How does the food environment shape our food choices?
Discover five recent scientific articles from our food, health and sustainability watch.
American researchers evaluated the effectiveness of an intervention that consists of prescribing fruit and vegetables in addition to nutritional monitoring. Nearly 250 patients who referred to Nutrition at a medical center in New York between June and November 2019 received for produce at local Greenmarkets to purchase fruit and vegetables ($20 for patients with food insecurity and $10 for others). The evaluation of this intervention shows that people with food insecurity and those with high hemoglobin A1c used these prescriptions more than others, showing that the action is reaching its target audience. The main common barriers to using these prescriptions were distance, lack of time and forgetting or losing the prescription
An umbrella review (41 meta-analyses of 303 individual studies, involving nearly 14 million participants) examined the evidence for the health benefits of cruciferous vegetable consumption. Their role was assessed for 24 health outcomes, including cancers (n = 23), cardiovascular disease (n = 12), mortality (n = 5) and metabolic diseases (n = 1). According to the authors, cruciferous vegetables consumption is associated with protective effects against 3 cancers (stomach, lung, endometrium) and all-cause mortality. Further studies are needed to confirm these results and to analyze the effects on other pathologies.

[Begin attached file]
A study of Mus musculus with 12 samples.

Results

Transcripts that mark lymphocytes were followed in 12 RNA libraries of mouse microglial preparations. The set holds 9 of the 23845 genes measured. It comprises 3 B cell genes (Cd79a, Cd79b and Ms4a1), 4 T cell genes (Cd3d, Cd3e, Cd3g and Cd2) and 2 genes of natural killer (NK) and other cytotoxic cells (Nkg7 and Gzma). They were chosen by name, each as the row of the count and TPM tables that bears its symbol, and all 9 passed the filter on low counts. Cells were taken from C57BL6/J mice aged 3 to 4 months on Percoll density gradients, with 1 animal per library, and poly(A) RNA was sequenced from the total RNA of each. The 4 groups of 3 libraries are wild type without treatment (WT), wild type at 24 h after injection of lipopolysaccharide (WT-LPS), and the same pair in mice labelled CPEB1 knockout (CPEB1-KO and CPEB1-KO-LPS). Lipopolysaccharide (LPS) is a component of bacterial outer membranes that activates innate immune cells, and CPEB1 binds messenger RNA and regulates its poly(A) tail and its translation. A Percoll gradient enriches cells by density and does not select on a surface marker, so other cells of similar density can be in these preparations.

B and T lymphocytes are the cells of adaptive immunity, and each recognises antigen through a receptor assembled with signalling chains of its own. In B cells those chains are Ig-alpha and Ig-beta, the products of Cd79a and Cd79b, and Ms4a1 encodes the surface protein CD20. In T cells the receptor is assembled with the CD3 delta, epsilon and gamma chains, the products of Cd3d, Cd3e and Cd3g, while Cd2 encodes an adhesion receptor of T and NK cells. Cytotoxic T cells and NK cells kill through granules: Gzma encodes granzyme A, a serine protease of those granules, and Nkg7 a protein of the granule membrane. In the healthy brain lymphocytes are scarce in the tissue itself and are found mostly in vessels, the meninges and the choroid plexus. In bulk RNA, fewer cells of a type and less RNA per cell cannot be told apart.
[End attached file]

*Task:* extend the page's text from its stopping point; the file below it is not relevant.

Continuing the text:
Researchers in the UK systematically reviewed evidence from 13 systematic reviews of interventions to improve eating behaviours and reduce waste in secondary schools (aged 11–18) published between 2000 and 2020. This work identified the key characteristics of interventions to improve adolescents’ food choices and reduce food waste. The approaches that appear to be most relevant are those that combine education and environmental restructuring, incorporation of computer-based feedback, media or messaging, peer and/or parent involvement, an increase in the availability of healthy foods, and the use of behavioural theory as a core component of the intervention. However, the types of interventions that specifically contributed to a reduction in sugar-sweetened beverage consumption or an increase in fruit and vegetable consumption could not be determined.
This online study was conducted during the Covid-19 pandemic (2021) among a panel of German adults (n=1,234) to identify foods consumed during stress (comfort foods), as well as foods considered as healthy alternatives. Almost half of the participants (80.6% women, average age 31, average BMI 23.4 kg/m2) identified themselves as stress-eaters. Nearly 2 out of 3 people reported eating “very often more than usual” in subjective stress situations. Chocolate and coffee are the most consumed products in stress situations, with 48% and 46% of participants respectively having declared to consume them often or very often. Fresh fruit was the most frequently cited as healthy alternative to chocolate (74%) and biscuits (64%), while tea (without added sugar) was the most frequently mentioned as substitute for coffee (64%).
A recent cohort study examined the dietary quality of 3,856 pregnant women and its relationship to the prevalence of low birth weight and small for gestational age. In the first two trimesters, more than 80% of the participants had inadequate intakes of vegetables (87.3% and 86.6%), dairy products (95.9% and 96.7%) and seafood (80.5% and 85.3%), while inadequate fruit intake was much higher in the 2nd trimester (85.2%) than in the first (22.5%). After adjusting for potential confounders, consumption of fruit and dairy products in the second trimester was associated with a reduced risk of low birth weight and small for gestational age.